Carroll considers trash-to-energy plant

December 27, 1992|By Greg Tasker | Greg Tasker,Staff Writer

The Carroll commissioners plan to appoint a committee consisting of environmentalists, trash haulers and others to study the possibility of building a waste-to-energy plant in the county.

The committee, expected to be named within the next few weeks, will return to the commissioners within the coming year with a recommendation on waste incineration as an alternative source to landfills for trash disposal.

"It's something we want to get on right away," said Commissioner Elmer C. Lippy. "This is a very initial phase. We're just starting to consider names."

Mr. Lippy said he will ask the committee to review a regional study completed several years ago that addressed incineration. The study involved Frederick, Carroll, Washington and Allegany counties.

"There are still some absolutes in there we can draw upon and save a lot of time," Mr. Lippy said.

But there also were some negatives. "[The study] pointed out several things -- that it would be terribly expensive and nobody wants it," he said.

Pushing the commissioners forward with a study is the long process involved in building an incinerator -- about five years -- and a state mandate for Carroll to recycle 15 percent of its waste materials by 1994.

The county, through a voluntary recycling program, already has met that goal. However, the commissioners are concerned about solid waste disposal, including the high costs associated with landfills and the lack of markets for some recyclable materials.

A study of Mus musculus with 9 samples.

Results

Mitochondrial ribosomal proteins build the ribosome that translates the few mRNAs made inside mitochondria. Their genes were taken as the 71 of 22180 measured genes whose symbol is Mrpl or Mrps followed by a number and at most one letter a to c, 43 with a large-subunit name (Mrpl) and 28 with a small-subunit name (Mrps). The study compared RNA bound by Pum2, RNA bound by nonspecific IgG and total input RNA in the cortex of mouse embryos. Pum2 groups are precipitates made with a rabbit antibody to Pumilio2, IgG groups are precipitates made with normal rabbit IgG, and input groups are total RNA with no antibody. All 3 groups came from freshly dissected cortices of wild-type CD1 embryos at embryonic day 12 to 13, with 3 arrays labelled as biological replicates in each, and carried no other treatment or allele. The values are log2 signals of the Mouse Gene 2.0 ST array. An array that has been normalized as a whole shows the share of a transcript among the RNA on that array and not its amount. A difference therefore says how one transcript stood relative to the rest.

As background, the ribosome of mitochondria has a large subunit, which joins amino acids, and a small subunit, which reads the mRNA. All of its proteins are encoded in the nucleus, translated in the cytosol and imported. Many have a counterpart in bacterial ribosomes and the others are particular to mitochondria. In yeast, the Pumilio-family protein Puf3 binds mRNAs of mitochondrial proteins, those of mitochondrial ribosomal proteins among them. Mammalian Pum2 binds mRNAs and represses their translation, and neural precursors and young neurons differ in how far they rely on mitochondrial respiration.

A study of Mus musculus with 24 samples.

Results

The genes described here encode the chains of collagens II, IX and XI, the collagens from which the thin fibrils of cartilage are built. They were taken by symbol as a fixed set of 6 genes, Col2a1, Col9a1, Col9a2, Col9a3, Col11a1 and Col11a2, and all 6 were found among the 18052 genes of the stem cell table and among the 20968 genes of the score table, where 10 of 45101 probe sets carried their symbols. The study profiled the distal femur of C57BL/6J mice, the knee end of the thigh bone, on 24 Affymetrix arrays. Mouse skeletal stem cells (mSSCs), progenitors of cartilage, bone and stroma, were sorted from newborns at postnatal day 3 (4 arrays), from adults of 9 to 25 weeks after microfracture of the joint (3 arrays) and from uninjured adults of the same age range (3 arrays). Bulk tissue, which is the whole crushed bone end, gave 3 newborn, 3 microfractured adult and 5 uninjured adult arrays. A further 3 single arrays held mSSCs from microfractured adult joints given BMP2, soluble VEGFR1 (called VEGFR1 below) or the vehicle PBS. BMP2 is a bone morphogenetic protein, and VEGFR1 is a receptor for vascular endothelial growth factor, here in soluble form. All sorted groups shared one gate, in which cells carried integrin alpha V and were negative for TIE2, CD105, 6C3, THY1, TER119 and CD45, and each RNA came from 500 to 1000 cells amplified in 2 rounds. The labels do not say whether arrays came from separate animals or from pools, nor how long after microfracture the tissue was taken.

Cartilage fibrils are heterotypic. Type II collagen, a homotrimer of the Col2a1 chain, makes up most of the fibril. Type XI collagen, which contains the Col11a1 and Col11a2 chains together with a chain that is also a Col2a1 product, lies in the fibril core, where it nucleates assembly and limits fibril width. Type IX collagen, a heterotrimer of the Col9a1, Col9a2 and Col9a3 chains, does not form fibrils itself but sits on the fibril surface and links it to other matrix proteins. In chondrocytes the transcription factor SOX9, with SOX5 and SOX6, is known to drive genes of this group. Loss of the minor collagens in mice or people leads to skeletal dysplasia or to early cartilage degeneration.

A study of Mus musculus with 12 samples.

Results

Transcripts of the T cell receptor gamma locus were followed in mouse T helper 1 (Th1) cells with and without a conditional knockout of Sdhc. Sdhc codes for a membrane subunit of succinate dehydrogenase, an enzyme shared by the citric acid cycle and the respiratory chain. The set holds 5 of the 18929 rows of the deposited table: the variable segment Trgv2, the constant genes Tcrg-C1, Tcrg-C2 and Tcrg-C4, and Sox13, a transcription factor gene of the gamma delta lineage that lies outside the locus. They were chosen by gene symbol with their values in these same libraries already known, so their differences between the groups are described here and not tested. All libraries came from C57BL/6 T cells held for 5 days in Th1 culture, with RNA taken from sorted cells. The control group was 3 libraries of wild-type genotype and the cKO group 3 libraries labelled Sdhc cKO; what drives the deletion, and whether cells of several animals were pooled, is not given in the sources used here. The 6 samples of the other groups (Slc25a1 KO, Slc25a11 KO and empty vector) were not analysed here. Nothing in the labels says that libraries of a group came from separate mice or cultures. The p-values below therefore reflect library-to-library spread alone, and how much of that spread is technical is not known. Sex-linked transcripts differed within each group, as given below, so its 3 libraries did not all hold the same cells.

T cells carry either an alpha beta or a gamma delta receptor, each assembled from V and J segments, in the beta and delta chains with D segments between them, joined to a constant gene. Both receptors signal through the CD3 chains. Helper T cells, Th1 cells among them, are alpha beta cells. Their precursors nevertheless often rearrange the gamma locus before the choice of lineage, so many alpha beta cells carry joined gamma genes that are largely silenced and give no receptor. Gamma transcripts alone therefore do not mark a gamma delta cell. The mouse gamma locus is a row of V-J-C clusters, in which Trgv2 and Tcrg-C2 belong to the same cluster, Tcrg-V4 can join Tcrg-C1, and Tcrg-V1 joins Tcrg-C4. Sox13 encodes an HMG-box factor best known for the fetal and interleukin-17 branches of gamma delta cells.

Officials are updating the county's 10-year solid waste management plan and have been considering a waste-to-energy plant -- which produces power by burning trash -- as an option for solid waste disposal.

The county's two landfills are expected to reach capacity by the year 2007. Those landfills, along with the recycling program, comprise the county's current solid waste management plan.

"The time is right to get started," said Commissioner President Donald I. Dell. "It takes at least five years from the start of the process before an incinerator is ready to use."

The commissioners have visited waste-to-energy plants in Lancaster, Pa., Fairfax County, Va., and Harford County in the past few years.

"I've been impressed with all the facilities I've visited," Mr. Dell said. "I'm enthused about this. And since word has gotten out, nobody has come to me with a negative attitude."

Part of the committee's charge, he said, will be to educate the public about the benefits of waste-to-energy plants. Mr. Dell said he envisions the committee holding information meetings every couple of months to address public concerns.

The commissioners said that they expect resident to raise questions about emissions and truck traffic associated with an incinerator. Mr. Lippy said residents also are likely to have concerns about the location of a waste-to-energy plant.

He has suggested the Northern Landfill on Route 140 outside Westminster as a possible location. A plant there would be cost-effective, eliminating trips to and from a landfill. The Lancaster facility, he said, must transport garbage from a landfill 15 miles away.

"We don't intend to push this down anybody's throat," Mr. Lippy said. "The reason why the committee is being formed is that it's good to accumulate as much data and information as we can.

"When we get that whole body of information, then we'll make a decision."